Despite U.S. effort to train Afghan investigators and help build corruption cases, NPR's Tom Bowman reports the problem is as bad as ever.
TOM BOWMAN, BYLINE: For years the U.S. has battled corruption in Afghanistan. It's created several task forces. One is called Transparency. A new one is being set up to be based in Washington, they're calling this one the Illicit Activities Initiative for Afghanistan.
Not long ago, while reporting from Afghanistan, I met the American in charge of anti-corruption efforts in Kabul. He's Brigadier General Rick Waddell. He says the U.S. is working closely with the Afghan government to bring corrupt officials to justice.
BRIG. GENERAL RICK WADDELL: Ideally you would investigate and prosecute, sentence and imprison these sorts of people. But this isn't going to happen overnight.
BOWMAN: So when you come to a place like this and say, I'm working anti-corruption and people say the entire government is corrupt.
WADDELL: I would say that we work with good Afghans at all levels of the government. What we tell them is let's go after the ones we can. You go after lower-hanging fruit to make a difference.
ANTHONY CORDESMAN: The real problem with the low hanging fruit is why are they low hanging?
BOWMAN: Anthony Cordesman is a defense analyst in Washington who has written extensively on Afghanistan.
CORDESMAN: Because they don't have political support or because somebody wants to use an ax to take them out of power.
BOWMAN: Meaning they weren't big enough players to matter.
The problem is the U.S. has had little success going after senior Afghan officials accused of corruption - those with ties to President Hamid Karzai.
American officials tell NPR they've helped prepare more than a half dozen high-profile corruption cases against government ministers, provincial governors, senior military officials. All the cases are languishing in the Justice Ministry, they say.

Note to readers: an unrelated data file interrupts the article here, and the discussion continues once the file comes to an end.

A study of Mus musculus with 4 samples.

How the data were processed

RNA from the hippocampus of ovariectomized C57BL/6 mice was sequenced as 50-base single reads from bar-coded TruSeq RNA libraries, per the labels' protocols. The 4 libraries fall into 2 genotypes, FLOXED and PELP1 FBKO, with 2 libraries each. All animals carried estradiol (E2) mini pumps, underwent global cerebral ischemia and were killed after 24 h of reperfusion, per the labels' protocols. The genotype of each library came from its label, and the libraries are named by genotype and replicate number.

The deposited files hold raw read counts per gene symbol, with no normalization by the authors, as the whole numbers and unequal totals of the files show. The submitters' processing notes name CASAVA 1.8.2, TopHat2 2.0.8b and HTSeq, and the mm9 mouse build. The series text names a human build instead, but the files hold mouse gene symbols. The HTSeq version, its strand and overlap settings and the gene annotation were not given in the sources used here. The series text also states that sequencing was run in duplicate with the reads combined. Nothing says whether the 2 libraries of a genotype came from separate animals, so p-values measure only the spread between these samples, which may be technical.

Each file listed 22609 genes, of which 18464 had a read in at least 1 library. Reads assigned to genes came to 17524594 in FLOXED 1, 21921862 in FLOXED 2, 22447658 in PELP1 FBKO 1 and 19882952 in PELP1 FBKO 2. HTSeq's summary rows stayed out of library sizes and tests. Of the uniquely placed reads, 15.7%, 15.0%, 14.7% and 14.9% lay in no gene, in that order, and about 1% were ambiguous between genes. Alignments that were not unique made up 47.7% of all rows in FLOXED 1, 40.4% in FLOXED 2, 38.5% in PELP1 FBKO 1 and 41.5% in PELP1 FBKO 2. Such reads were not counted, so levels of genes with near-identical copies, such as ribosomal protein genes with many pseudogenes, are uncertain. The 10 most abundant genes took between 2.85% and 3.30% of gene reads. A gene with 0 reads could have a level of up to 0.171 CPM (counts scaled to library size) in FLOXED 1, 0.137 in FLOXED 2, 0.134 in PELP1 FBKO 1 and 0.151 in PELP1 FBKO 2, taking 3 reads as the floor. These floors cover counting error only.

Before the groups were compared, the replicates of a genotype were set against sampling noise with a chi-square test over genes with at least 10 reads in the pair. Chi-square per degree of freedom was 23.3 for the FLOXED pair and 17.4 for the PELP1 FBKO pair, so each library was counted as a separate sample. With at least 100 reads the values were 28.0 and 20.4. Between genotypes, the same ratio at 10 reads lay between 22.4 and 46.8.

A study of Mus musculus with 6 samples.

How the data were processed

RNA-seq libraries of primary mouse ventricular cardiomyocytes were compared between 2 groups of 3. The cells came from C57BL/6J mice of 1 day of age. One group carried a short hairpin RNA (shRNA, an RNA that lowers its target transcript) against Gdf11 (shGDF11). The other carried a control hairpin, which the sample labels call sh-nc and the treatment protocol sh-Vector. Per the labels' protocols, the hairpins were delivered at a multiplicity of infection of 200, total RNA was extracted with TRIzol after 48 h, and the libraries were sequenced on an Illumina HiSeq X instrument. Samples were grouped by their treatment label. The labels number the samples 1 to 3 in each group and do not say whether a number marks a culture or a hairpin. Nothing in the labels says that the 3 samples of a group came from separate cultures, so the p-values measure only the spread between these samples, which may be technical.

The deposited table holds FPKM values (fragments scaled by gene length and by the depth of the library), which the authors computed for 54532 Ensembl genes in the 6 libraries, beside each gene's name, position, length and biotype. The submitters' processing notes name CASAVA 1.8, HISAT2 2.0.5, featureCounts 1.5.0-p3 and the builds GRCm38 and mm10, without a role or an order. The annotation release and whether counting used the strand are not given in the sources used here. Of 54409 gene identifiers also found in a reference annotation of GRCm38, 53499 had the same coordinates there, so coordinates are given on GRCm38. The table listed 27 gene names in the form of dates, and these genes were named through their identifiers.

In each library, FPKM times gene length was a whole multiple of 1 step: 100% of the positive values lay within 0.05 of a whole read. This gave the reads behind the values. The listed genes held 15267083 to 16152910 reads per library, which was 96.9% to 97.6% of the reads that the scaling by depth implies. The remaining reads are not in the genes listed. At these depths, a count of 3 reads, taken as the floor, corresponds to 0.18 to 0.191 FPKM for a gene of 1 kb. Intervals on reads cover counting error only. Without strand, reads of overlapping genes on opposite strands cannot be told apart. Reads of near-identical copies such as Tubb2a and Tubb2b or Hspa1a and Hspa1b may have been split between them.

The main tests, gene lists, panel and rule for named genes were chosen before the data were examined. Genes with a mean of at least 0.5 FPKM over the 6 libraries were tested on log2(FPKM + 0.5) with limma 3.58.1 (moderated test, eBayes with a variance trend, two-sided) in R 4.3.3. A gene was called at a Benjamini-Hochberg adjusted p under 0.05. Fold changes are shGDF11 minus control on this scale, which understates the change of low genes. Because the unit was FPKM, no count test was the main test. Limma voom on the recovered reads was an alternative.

I found one example not far from General Waddell's office in Kabul. We're standing outside of one the symbols of corruption here in Afghanistan. It's the Mohammad Daud Khan military hospital. And it's here that the Americans allege that the man in control of this hospital, General Ahmad Zia Yaftali, stole tens of millions of dollars' worth of drugs and pharmaceuticals and sold them off.
That's the allegation. Here's what happened. General Yaftali was removed from running the hospital a year-and-a-half ago.
NADER NADERY: He was fired, was appointed somewhere else, but no prosecution yet.
BOWMAN: That's Nader Nadery, a former member of the Afghan Human Rights Commission. Nadery has joined the Americans in pressing the Karzai government to move forward on this and other cases.
NADERY: I asked for the president not only to remove those people who are known for their bad practices and undermining his own legacy, but also to start prosecuting people.
BOWMAN: Nadery never heard back from Karzai's office. Meanwhile, American investigators working on the anti-corruption task forces have left in frustration. Others privately admit their efforts have achieved little. They estimate that hundreds of millions of American dollars have been lost to corruption.
Some analysts, like Anthony Cordesman, say the U.S. is partly to blame for the corruption. It flooded the country with money, but didn't insist on monitoring how it was spent. And several top current and former officials tell NPR the issue of corruption never got the attention it deserved in Washington.
SETH JONES: Administration officials certainly talked about the importance of anti-corruption efforts.
BOWMAN: Seth Jones served as an adviser to the American command in Afghanistan last year and now works for the RAND Corporation.
JONES: But when it came to specific, concrete, sustained efforts to target and reduce corruption within the Afghan government, there was not a lot of stomach for it.
BOWMAN: So because officials believed they needed Karzai to fight the Taliban, they were reluctant to cut off aid if he didn't deal with corruption. Not everyone's given up. John Sopko is the new special inspector general for Afghanistan reconstruction. The man he replaced told Congress in December that corruption in Afghanistan is almost insurmountable.
JOHN SOPKO: I can't assess that and I wouldn't want to assess that. And I'm approaching this job by not looking backward.
BOWMAN: What he sees in front of him is a real challenge. Sopko says it's significant that President Karzai just signed a pledge during an international donors' conference in Tokyo.
SOPKO: And it makes fighting corruption a key goal. The bottom line is we are going to hold everybody accountable.
BOWMAN: Accountable for the money still to be spent in Afghanistan. The United States and others have pledged to help the Afghan government in the coming years to the tune of $16 billion. Tom Bowman, NPR News.